April frosts hammered the start of the Bordeaux growing season in 2017 to such an extent that entire vineyards were wiped out. This put the entire Bordeaux wine industry on edge wondering if producers could salvage their harvests to produce enough to satisfy the thirst of wine drinkers around the world with the quality to match Bordeaux’s premier wine reputation. Although the yields were lower this year, Bordeaux has come through triumphantly to give us the quality we expect from the region for the 2017 vintage.
The low yields for 2017 are the result of the overnight frosts that hit Bordeaux at the end of April 2017. The entire region suffered on the whole, but some ares were more affected than others. There are 150 top chateaux among all of the Bordeaux appellations, and 80% of them escaped relatively unharmed, so their 2017 grand vin (principal wine) vintage will most likely not be affected in terms of production levels. More specifically, St-Estèphe, Pauillac and St-Julien in the northern part of the Haut-Médoc remained mostly unscathed by the frost due to their prime location next to the Gironde River. As we move a little further south and closer inland to Margaux, the top properties also remained untouched. South of the Haut-Médoc from Pessac-Léognan to Sauternes, there are areas that remained completely unharmed, and in Sauternes, the hillside vineyards fared much better than those at the bottom.
Like the Médoc, the top châteaux avoided frost damage in St-Émilion and Pomerol. The areas on top of the limestone plateau and along the slopes surrounding the historic town center of St-Émilion saw almost no effect of the frost, and this area also includes many of St-Émilion’s grand crus classèes – the region’s top wines. The top properties throughout the region remained untouched by the frosts, and those that were affected did have decreased yields, but the quality for both is expected to maintain Bordeaux’s reputation.
CIVB President Allan Sichel expects the quality of the 2017 vintage to remain true to Bordeaux’s reputation. The dry whites will be this year’ stellar wines with Sichel describing them as aromatically fresh and lively. He expects the sweet wines to have high fruit flavour concentration and aromatic richness, especially since the frost followed up with favourable and beautiful weather conditons for the rest of the growing season. James Suckling, an American wine critic, puts some of the whites, especially the dry whites from Pessac-Léognan, and the top Sauternes on par with the 2015 and 2016 vintages.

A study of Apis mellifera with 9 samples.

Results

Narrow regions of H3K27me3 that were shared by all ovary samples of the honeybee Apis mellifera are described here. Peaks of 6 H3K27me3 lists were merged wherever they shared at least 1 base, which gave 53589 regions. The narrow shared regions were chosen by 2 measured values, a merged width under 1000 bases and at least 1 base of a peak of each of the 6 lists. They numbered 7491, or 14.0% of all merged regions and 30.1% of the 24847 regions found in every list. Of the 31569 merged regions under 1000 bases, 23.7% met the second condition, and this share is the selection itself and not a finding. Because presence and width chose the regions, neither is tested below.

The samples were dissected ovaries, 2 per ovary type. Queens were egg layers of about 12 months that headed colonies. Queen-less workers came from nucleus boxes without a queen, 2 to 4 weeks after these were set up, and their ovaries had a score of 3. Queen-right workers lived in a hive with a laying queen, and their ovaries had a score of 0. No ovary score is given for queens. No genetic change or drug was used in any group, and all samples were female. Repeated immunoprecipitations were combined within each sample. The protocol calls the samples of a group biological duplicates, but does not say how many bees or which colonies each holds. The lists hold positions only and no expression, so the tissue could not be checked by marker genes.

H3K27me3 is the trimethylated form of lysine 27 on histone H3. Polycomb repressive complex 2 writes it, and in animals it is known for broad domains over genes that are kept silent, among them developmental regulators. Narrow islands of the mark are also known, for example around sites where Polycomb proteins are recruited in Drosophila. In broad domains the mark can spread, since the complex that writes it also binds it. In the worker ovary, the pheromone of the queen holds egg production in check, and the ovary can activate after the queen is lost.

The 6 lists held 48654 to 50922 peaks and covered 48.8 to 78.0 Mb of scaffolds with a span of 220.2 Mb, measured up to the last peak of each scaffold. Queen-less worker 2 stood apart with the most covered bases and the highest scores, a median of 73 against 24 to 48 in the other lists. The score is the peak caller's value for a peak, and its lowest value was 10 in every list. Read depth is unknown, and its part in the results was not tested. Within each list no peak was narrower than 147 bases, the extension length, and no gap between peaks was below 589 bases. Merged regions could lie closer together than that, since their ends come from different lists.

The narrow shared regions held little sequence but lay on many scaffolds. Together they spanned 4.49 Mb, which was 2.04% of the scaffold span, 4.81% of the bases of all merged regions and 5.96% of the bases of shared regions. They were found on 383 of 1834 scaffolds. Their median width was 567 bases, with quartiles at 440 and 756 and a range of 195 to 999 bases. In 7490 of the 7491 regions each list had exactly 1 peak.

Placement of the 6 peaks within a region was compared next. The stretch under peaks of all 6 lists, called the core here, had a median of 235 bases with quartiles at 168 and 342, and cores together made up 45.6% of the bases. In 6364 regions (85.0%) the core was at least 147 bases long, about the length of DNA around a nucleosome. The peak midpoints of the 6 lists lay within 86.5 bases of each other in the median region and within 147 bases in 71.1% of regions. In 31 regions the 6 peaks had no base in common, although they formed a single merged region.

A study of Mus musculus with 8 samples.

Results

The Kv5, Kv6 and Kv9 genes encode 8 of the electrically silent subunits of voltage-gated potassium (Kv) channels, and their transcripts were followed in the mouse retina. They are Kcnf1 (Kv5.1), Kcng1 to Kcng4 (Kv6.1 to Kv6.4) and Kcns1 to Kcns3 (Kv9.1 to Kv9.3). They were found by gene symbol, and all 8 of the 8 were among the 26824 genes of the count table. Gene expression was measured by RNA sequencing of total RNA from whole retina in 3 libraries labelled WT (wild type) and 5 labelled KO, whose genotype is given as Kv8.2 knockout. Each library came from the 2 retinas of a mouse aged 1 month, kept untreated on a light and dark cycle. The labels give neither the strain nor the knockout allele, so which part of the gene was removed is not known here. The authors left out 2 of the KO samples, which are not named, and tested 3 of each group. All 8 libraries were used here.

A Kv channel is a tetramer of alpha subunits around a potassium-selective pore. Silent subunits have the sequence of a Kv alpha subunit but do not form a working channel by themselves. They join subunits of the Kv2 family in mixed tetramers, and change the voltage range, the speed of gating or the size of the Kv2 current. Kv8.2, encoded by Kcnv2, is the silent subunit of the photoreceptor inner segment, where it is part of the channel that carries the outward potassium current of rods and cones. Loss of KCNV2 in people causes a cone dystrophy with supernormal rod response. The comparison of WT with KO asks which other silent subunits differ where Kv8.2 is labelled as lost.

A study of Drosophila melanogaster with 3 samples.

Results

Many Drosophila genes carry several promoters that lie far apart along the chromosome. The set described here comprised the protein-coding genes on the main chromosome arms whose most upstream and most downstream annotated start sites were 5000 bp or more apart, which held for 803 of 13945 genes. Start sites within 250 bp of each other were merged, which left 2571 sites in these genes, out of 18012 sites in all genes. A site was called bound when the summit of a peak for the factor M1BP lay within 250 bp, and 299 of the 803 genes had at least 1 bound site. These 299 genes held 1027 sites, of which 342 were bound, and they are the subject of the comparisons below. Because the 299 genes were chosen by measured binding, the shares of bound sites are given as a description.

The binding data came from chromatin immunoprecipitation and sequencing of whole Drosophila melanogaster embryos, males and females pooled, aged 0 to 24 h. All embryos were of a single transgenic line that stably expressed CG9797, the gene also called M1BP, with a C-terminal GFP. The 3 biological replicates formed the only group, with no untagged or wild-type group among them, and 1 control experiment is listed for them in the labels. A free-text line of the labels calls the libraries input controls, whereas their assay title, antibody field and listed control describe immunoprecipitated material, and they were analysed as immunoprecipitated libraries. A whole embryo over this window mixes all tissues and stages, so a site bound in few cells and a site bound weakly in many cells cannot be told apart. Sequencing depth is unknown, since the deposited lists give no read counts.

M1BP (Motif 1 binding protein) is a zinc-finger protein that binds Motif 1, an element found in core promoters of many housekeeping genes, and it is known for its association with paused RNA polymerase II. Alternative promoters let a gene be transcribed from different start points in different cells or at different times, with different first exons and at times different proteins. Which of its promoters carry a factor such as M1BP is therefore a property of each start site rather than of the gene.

Overall, the 2017 red wine vintages on the Right and Left Banks will be less when compared to 2016, but Allan Sichel believes them to have beautiful aromatic expressions with the corresponding fruitiness and freshness that give the palate a soft, round, balanced mouthfeel.
Michel Rolland, a renowned oenologist, believes the 2017 vintages on the Left Bank wines like these offer some very nice surprises. There are wines that have a lot of concentration and this gives them a good density. Yet at the same time, they show freshness, especially with the Cabernet Sauvignons that have aged well in the larger areas on the Left Bank. The wine from the areas looking towards the Gironde that escaped the frosts show their classic Bordeaux style with their tension, freshness and acidity. Essentially, the Left Bank offers the quality we have come to expect and some unexpected surprises for the 2017 vintage.
On the Right Bank, the Merlots give us the acidity we expect, as well as fruity notes that we would not expect every year like we had in the 2008 vintages. Michel Rolland believes wines like these like those on the Left Bank offer very nice surprises. The clay subsoils in the appellation allow for the wines to have finesse and elegance, and these qualities shine through in the Merlots. Nicolas de Bailliencourt, head of Château Gazin, says the 2017 vintage is a little below the ones from 2015 and 2016, but the 2017 is a year of fruit-forward wines that gives us fleshy fruit with floral aromas and an elegant and refined mouthfeel with a long finish. Hubert de Boüard of Château Angelus, who also manages other properties in the region, further explains how 2017 keeps its quality through explaining it to us from a vineyard and winemaking perspective. He points out that he could capture all of the fruitiness and fine tannins by harvesting earlier and extracting less during fermention when compared to the techniques used ten years ago. As a result, the wines could achieve a perfect balance. The 2017 vintage definitely appears to gives us everything what we have come to appreciate from Right Bank wines.
All in all, 2017 should not be remembered for its frosty start in the vineyards, but for a unique vintage that brings quality abounding optimism.